The British government is warning citizens to brace themselves for another terror attack this year.
The Christmas season is a particularly vulnerable time, and a subway train or a major department store filled with holiday shoppers would be a powerfully symbolic target.
So far, Canadians have received no such Yuletide message from Ottawa.
For Canada, another year has come and gone without a terrorist attack on our soil since the planting of the Air India bomb, and the best that we can say is, so far so good.
We are now among the highest profile members of the so-called War on Terror, and the only one not to have suffered attacks on our own ground.
Public support for the war in Afghanistan is tepid in Canada, but so is public objection to it.
It would appear that most Canadians, though not entirely in favour of our troops joining the Great Taliban Hunt, aren’t terribly engaged in the subject either.
It’s almost as if the country is waiting to see how it all works out before deciding if we approve or not. Some of this is due to the success of the government’s campaign of either information or propaganda, depending on your point of view.
General Rick Hillier, purportedly Canada’s military chief of staff, spends much of his time on PR tour these days, carrying the message that in order to rebuild Afghanistan’s infrastructure, it is necessary first to kill all the bad guys so they won’t blow it up as soon as it’s built.
Hillier hasn’t had to face much stand-up debate on this guff, so it passes unchallenged in many quarters. He hasn’t had to discuss the fact that some of Afghanistan’s nastiest characters are on our side. Nor is he often challenged on the way he lumps the Afghan resistance together under the name Taliban, in defiance of the facts.
Be that as it may, the constant message that Canadian troops are putting their lives on the line to protect a poor and desperate people from religious fanaticism has no doubt helped to keep opposition to the war from growing as much as it might have. A more important factor would seem to be that we haven’t been asked to make much of a sacrifice yet.
So far fewer than 50 Canadians have died in the war in Afghanistan. More of our people will die in traffic accidents over Christmas than those who gave their lives in war this year.
We are more than 30-million souls scattered over most of a continent; the truth is 50 deaths doesn’t touch the national consciousness all that much.
We may honour our troops, whatever that means, but their flag-draped coffins are not causing any great outrage just yet. On the other hand, I wonder how 50 deaths on the Toronto subway would affect the picture?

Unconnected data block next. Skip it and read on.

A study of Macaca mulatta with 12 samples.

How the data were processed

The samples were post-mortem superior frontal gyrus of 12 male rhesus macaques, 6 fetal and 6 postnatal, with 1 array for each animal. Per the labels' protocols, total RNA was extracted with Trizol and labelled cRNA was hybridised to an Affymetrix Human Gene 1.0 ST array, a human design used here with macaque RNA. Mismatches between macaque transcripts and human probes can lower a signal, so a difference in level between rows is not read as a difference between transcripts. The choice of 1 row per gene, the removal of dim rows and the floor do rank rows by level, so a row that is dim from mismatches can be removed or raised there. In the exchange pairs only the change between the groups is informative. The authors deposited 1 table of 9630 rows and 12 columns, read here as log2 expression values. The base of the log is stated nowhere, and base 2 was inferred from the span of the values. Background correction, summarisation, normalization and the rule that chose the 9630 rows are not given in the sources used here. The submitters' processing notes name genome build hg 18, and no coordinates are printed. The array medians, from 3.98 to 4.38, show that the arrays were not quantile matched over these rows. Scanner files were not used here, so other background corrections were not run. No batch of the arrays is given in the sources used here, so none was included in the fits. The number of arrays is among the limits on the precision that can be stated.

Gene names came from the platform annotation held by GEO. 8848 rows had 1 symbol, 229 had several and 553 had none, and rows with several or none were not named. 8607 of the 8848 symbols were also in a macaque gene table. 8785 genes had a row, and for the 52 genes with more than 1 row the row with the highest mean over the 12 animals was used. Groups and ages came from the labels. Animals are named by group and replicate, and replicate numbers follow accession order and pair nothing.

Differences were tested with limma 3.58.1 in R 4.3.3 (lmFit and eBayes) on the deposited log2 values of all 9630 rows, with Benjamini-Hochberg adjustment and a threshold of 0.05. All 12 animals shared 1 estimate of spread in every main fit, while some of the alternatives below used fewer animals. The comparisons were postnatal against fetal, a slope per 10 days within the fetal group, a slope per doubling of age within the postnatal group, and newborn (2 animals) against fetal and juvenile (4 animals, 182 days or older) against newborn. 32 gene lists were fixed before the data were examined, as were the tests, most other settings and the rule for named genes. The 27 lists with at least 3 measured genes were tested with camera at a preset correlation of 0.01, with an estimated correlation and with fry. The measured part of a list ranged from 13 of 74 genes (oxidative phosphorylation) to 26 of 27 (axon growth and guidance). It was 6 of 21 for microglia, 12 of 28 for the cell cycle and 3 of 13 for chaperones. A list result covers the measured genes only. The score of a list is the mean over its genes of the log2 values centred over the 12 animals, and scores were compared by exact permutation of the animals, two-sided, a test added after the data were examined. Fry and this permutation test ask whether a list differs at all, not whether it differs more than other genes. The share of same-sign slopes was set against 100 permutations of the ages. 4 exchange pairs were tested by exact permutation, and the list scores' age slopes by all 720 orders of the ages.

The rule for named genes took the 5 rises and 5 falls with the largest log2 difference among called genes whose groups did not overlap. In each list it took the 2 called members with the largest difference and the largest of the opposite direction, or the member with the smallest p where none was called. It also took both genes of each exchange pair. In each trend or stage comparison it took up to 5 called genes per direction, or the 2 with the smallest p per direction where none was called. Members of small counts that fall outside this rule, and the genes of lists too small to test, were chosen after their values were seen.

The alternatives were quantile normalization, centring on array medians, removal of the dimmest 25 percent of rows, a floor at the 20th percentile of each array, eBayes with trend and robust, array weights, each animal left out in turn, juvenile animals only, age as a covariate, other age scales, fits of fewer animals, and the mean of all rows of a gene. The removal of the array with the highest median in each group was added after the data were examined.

There was a time when a country could go to war against a much weaker and very distant enemy with no threat whatsoever to the folks back home.
Neither the Zulu nor the Beothuk were well equipped for a revenge strike against the British Isles. Even the Sioux, who defeated the US in battle, were never able to carry the fight back East, to give the good citizens of Washington DC a taste of the misery of war.
Those days are gone, and no degree of national security will change that fact.
Today, when a rich Western country makes war on a poor Eastern country, there’s a very good chance that someone will find a way to bring the war home to the West. You may give up your toothpaste at the airport check-in, submit to body searches at the mall, or buy a passport to visit your cousin in the States, but you will not keep war out. Even if a national border could be sealed, which it can’t, it’s too late.
No matter whose home you bomb, no matter where in the world it is, there’s a good chance that somebody already in Canada sympathizes with those bombing victims more than with the society that bombed them, no matter how welcoming that society thinks it is.
Civilians die every day as a result of the War on Terror, but here in Canada it’s hard to raise much dust over the deaths of civilians on another continent and from a very different culture, who are also dirt poor and brown. The other side knows this. They know what it takes to get our attention.
Hillier and his government masters would like to leave this fact out of the war debate. For them Afghanistan is a war on foreign soil. A few thousand barefoot strangers die, a handful of Canadian families weep for lost sons and husbands — this is the sacrifice Canada has been asked for, and has made with a shrug.
Let’s tell the truth: today it’s not some stranger’s life you’re putting on the line when you support foreign wars, or simply don’t bother to oppose them. It’s your mother’s, your best friend’s, your doctor’s, or your child’s. It’s your own. Still sound worth it?